Het geheim achter topklinische kwaliteit
Dr. RPA Janssen bezoekt het jaarcongres van de Nederlandse Orthopedische Vereniging (NOV)...
Op 16 januari 2018 worden de LEAN-SIX SIGMA Green Belt...
Op 16 januari 2018 vindt de...
Volg gratis de wetenschappelijke ontwikkelingen over de knie via Facebook, Twitter en andere netwerken!
Janssen RPA, Scheffler SU
Knee Surg Sports Traumatol Arthrosc (2014) 22:2102–2108
Purpose: A review is provided on the existing knowledge about the specific healing phases of the intra-articular hamstring tendon graft used for ACL reconstruction. Differences between human and animal in-vivo studies are explained and implications for the postoperative time period are laid out.
Methods: A systematic review of the existing literature was performed on the topic of tendon remodelling of hamstring grafts in ACL reconstruction using Medline database. Publications between 1982 and 2012 were included. Special focus was directed on in-vivo human and animal studies analyzing intra-articular free tendon graft remodeling.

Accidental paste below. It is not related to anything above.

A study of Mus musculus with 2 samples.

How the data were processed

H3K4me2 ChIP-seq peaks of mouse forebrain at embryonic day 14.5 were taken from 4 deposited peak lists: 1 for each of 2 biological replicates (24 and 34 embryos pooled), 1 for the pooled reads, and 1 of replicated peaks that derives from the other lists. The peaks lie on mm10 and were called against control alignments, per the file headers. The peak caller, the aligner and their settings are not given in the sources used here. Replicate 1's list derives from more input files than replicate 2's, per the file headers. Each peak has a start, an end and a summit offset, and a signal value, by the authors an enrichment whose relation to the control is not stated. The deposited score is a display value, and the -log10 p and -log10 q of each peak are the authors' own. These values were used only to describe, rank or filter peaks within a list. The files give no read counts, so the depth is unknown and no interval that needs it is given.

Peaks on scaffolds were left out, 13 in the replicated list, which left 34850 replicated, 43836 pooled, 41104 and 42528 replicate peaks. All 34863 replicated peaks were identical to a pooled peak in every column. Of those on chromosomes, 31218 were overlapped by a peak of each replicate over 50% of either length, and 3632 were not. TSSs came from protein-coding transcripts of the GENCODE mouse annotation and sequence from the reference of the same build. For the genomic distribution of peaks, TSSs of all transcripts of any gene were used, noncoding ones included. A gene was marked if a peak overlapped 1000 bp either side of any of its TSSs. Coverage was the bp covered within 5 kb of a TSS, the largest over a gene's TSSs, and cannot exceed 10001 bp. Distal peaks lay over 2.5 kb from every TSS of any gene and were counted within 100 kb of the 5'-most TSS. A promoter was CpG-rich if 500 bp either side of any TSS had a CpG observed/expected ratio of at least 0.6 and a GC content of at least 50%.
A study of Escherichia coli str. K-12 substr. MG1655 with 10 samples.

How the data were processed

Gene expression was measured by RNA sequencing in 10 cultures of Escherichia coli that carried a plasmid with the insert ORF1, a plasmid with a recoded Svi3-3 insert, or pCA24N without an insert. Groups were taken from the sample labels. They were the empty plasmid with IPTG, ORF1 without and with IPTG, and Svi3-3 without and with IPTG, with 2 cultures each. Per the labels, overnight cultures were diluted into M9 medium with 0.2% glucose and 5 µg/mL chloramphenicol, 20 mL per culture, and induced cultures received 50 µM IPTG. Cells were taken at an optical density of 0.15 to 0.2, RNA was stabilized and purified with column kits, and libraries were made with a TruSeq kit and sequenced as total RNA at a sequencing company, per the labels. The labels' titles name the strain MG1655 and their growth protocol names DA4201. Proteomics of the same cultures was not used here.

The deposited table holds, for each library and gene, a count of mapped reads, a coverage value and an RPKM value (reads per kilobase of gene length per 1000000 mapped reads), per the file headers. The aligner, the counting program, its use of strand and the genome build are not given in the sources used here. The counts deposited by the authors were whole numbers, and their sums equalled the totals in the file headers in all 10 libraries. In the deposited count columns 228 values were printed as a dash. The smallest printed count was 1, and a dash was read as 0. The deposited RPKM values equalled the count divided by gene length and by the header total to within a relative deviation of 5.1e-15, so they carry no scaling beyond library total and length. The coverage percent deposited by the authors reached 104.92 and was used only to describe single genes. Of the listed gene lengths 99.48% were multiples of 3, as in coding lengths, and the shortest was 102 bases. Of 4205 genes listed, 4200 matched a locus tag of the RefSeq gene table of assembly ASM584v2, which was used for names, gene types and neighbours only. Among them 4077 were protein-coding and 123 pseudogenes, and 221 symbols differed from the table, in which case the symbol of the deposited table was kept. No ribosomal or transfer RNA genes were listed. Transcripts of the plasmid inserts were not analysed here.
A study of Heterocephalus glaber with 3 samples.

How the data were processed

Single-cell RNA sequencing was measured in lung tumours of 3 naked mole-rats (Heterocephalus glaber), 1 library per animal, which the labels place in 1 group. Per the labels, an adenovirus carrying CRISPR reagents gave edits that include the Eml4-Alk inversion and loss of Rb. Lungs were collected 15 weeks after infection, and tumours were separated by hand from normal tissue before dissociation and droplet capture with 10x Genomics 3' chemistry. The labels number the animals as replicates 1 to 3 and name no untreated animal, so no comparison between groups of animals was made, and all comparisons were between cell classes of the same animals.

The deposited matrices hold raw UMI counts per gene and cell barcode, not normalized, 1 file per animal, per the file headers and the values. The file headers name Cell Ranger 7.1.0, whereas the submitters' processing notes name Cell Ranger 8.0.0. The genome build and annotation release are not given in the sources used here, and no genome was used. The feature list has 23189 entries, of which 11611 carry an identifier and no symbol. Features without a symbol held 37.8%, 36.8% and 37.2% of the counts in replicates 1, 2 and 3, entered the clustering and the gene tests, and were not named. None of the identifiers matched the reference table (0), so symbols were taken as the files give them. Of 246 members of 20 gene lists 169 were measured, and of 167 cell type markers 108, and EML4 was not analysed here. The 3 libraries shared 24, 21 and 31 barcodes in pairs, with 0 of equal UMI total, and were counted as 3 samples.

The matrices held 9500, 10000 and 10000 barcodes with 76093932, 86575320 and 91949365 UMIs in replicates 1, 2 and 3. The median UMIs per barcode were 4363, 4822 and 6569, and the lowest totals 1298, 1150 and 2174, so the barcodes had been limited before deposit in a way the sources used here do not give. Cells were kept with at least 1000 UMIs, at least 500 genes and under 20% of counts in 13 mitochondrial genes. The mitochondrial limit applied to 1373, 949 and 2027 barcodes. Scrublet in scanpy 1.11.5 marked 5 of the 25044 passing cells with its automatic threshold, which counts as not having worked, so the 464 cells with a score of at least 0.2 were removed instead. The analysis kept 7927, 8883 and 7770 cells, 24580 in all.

Results: Animal and human in vitro and vivo research have demonstrated three characteristic stages of graft healing after ACL reconstruction: an early graft healing phase with central graft necrosis and hypocellularity and no detectable revascularization of the graft tissue, followed by a phase of proliferation, the time of most intensive remodelling and revascularization and finally, a ligamentization phase with characteristic restructuring of the graft towards the properties of the intact ACL. However, a full restoration of either the biological or biomechanical properties of the intact ACL is not achieved.
Conclusion: Significant knowledge on human cruciate ligament remodelling has been added in the understanding of the processes during the course of graft healing. Most importantly, the remodelling process in humans is prolonged compared to animal studies. While today´s rehabilitation protocols are often extrapolated from findings of animal in-vivo healing studies, current findings of human in-vivo healing studies might require new postoperative regimens following hamstring ACL reconstruction.